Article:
Published in Frontiers in Plant Science, a review by Bioversity International and partners describes global distribution, symptoms, pathogenic diversity, epidemiology and the state of the art for sustainable management of the major bacterial diseases affecting banana and enset.
The production of banana and enset (a close relative of banana) is affected by a range of bacterial diseases that cause major losses worldwide. Until recently, bacterial diseases of bananas and enset had not received an equal amount of attention compared to other major threats to banana production such as the fungal diseases black leaf streak (Mycosphaerella fijiensis) or Fusarium wilt (Fusarium oxysporum f. sp. cubense). However, as it turns out, bacteria cause significant impacts on bananas globally and management practices are not always well known or adopted by small-scale farmers.
Bacterial diseases in bananas and enset can be divided into three groups: (1) Ralstonia-associated diseases (Moko/Bugtok disease caused by Ralstonia solanacearum and banana blood disease caused by R. syzygii subsp. celebesensis); (2) Xanthomonas wilt of banana and enset, caused by Xanthomonas campestris pv. musacearum and (3) bacterial head rot or tip-over disease caused by Pectobacterium carotovorum (formerly Erwinia carotovora) and bacterial rhizome and pseudostem wet rot (caused by Dickeya paradisiaca formerly E. chrysanthemi pv. paradisiaca).
A new review paper – authored by scientists from Bioversity International, EMBRAPA (Brazil), The Royal Museum for Central Africa (Belgium), The Institute of Plant Health Research (Cuba), The University of Reunion (France) and CIRAD (France) – describes global distribution, symptoms, pathogenic diversity, epidemiology and the state of the art for sustainable disease management of the major bacterial wilts currently affecting banana and enset. The review paper draws attention to similarities across the bacterial diseases in symptom expression and control/management options.
“This review will benefit the banana community worldwide as it puts, for the first time, most of the available information on bacterial wilts of banana in a single place. The paper also highlights the geographical distribution and symptoms of these diseases in a clear way, and may help the diagnostic process and even quarantine regulations for those countries where specific diseases are not yet present, as is the case of Xanthomonas wilt in Latin American and the Caribbean,” said Miguel Dita, a scientist at EMBRAPA and co-author of the paper.
Acceptable management and control of bacterial diseases in banana and enset is achievable by following strict, coordinated and integrated activities. A first critical step in plant disease management is diagnosis. Disease recognition in banana plants affected by bacteria is achieved by plant-by-plant inspection of the plantation at regular intervals.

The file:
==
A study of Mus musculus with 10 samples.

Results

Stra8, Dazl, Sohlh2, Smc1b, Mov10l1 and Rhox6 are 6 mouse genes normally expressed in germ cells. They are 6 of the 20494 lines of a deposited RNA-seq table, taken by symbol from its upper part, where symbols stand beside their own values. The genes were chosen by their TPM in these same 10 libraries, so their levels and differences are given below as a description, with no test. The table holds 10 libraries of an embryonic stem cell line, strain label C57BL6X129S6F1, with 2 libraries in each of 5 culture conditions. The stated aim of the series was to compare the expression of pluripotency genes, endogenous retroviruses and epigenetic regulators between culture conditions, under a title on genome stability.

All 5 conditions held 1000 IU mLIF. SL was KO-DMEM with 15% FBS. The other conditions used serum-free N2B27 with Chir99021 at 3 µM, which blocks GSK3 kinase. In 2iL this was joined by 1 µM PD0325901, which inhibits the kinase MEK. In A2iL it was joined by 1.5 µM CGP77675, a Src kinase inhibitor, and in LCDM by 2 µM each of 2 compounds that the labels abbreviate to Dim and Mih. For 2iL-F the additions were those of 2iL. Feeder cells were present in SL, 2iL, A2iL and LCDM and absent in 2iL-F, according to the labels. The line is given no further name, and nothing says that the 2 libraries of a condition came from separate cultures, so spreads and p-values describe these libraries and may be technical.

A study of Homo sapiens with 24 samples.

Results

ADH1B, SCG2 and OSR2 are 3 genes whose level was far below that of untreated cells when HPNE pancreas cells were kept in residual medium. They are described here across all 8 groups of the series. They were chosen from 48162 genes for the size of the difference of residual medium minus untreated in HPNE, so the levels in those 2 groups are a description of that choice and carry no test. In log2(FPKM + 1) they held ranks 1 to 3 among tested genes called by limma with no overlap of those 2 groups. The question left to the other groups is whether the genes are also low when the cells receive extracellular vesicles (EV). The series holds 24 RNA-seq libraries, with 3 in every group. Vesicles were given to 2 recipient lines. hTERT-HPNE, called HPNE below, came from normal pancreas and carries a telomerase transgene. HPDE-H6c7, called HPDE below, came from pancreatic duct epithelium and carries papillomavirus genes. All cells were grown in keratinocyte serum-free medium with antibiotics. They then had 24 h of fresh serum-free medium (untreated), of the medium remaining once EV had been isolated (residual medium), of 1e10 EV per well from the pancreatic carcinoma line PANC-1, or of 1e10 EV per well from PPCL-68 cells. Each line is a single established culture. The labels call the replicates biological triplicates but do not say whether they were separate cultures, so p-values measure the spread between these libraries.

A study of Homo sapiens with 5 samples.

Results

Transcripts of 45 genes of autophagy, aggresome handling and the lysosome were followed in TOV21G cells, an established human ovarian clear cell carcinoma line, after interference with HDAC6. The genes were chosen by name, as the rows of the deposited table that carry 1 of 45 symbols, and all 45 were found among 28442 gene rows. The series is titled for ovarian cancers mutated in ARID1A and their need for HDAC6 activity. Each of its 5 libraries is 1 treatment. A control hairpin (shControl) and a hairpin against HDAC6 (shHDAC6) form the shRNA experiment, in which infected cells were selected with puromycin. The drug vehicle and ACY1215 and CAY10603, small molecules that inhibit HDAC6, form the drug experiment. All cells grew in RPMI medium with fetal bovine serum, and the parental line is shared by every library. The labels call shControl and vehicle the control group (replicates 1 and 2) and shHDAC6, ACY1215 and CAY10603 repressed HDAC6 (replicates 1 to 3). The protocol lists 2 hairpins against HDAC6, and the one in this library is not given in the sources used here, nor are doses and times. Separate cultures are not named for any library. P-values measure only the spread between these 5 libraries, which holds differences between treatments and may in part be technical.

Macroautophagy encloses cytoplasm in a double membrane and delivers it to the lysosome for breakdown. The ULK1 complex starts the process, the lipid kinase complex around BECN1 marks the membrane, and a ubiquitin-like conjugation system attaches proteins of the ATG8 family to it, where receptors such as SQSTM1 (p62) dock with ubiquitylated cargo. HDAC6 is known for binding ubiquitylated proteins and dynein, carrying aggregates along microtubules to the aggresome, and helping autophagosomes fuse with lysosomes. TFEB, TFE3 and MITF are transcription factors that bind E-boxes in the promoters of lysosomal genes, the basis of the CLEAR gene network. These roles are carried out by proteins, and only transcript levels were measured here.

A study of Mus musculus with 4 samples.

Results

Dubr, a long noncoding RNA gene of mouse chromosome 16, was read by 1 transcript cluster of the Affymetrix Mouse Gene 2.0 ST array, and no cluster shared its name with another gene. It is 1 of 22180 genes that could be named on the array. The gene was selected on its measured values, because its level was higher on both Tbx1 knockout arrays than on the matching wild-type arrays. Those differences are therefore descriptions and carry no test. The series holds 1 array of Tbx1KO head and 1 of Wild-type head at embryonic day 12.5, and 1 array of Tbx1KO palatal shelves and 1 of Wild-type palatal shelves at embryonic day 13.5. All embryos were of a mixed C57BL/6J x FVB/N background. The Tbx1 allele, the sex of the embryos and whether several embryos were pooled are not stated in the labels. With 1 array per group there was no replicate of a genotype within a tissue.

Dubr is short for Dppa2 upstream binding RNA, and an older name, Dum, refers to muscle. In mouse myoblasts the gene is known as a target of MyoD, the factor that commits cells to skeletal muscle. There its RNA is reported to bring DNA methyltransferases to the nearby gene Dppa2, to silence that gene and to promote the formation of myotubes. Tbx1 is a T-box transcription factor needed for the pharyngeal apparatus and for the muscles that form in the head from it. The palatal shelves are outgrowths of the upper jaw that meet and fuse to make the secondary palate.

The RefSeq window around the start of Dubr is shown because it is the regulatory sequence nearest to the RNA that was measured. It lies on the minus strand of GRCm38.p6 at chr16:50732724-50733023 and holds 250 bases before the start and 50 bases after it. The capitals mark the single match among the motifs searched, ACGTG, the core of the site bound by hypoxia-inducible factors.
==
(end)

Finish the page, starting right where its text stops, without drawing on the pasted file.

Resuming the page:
In regions, villages or farms where bacterial diseases are not present, the first line of defense is to avoid introducing them. Use of clean planting material and good sanitation procedures need to be always coupled to quarantine methods.
Where a disease is already present, control options should focus on a systematic area-wide approach, with the adoption of a combination of activities such as limitation of access of animals, regular disinfection of farm tools, early removal of male flowers/buds and of diseased plants, to name a few.
These activities, when area-wide performed in a systematic way and based on epidemiological parameters, may guarantee sustainable control.
“However, the current situations in Africa (for Xanthomonas wilt), Latin America and the Caribbean (for Moko and Dickeya) suggest that more efforts are needed at different levels. Growers, technicians and extension workers should be trained on disease recognition, epidemiology and management practices, with the support of plant protection experts,” said Guy Blomme, Bioversity International scientist and lead author. In the current molecular era, an integration of sensitive and specific diagnostic tools together with transgenic approaches, conventional breeding and screening for escape cultivars may offer environmentally friendly and less labour-intensive options to control bacterial diseases.
“This paper will help extension officers and national plant protection organizations to improve quarantine regulations and disease diagnostics in national surveillance programs. The paper also provides information on best biosafety practices for medium and small-scale banana growers to prevent the entry of a disease on farm and prevent subsequent dispersal,” concluded co-author Luis Pérez Vicente from INISAV, Cuba.
This study was supported by grants from the Office de Développement de l’Economie Agricole des Départements d’Outre Mer (ODEADOM) as part of the Réseau d’Innovation et de Transfert Agricole (RITA), and contributes to the CGIAR Research Program on Roots, Tubers and Bananas, which is supported by CGIAR Fund Donors.
Photos from top to bottom:
1. Xanthomonas bacterial wilt of enset caused by X. campestris pv. musacearum. The photos depict leaf yellowing and wilting, and pockets of bacterial ooze in a leaf petiole. Credit: Bioversity International/G.Blomme.
2. Geographic distribution of Moko/Bugtok bacterial wilt (Ralstonia solanacearum), blood bacterial wilt (R. syzygii subsp. celebesensis) and Xanthomonas bacterial wilt (Xanthomonas campestris pv. musacearum). Presence or absence of a disease is presented at country level. Source: Blomme et al. 2017
3. Xanthomonas bacterial wilt of banana caused by X. campestris pv. musacearum. The photos depict leaf yellowing and wilting, exudation of bacterial ooze, premature fruit ripening and fruit discoloration. Credit: Bioversity International/G.Blomme.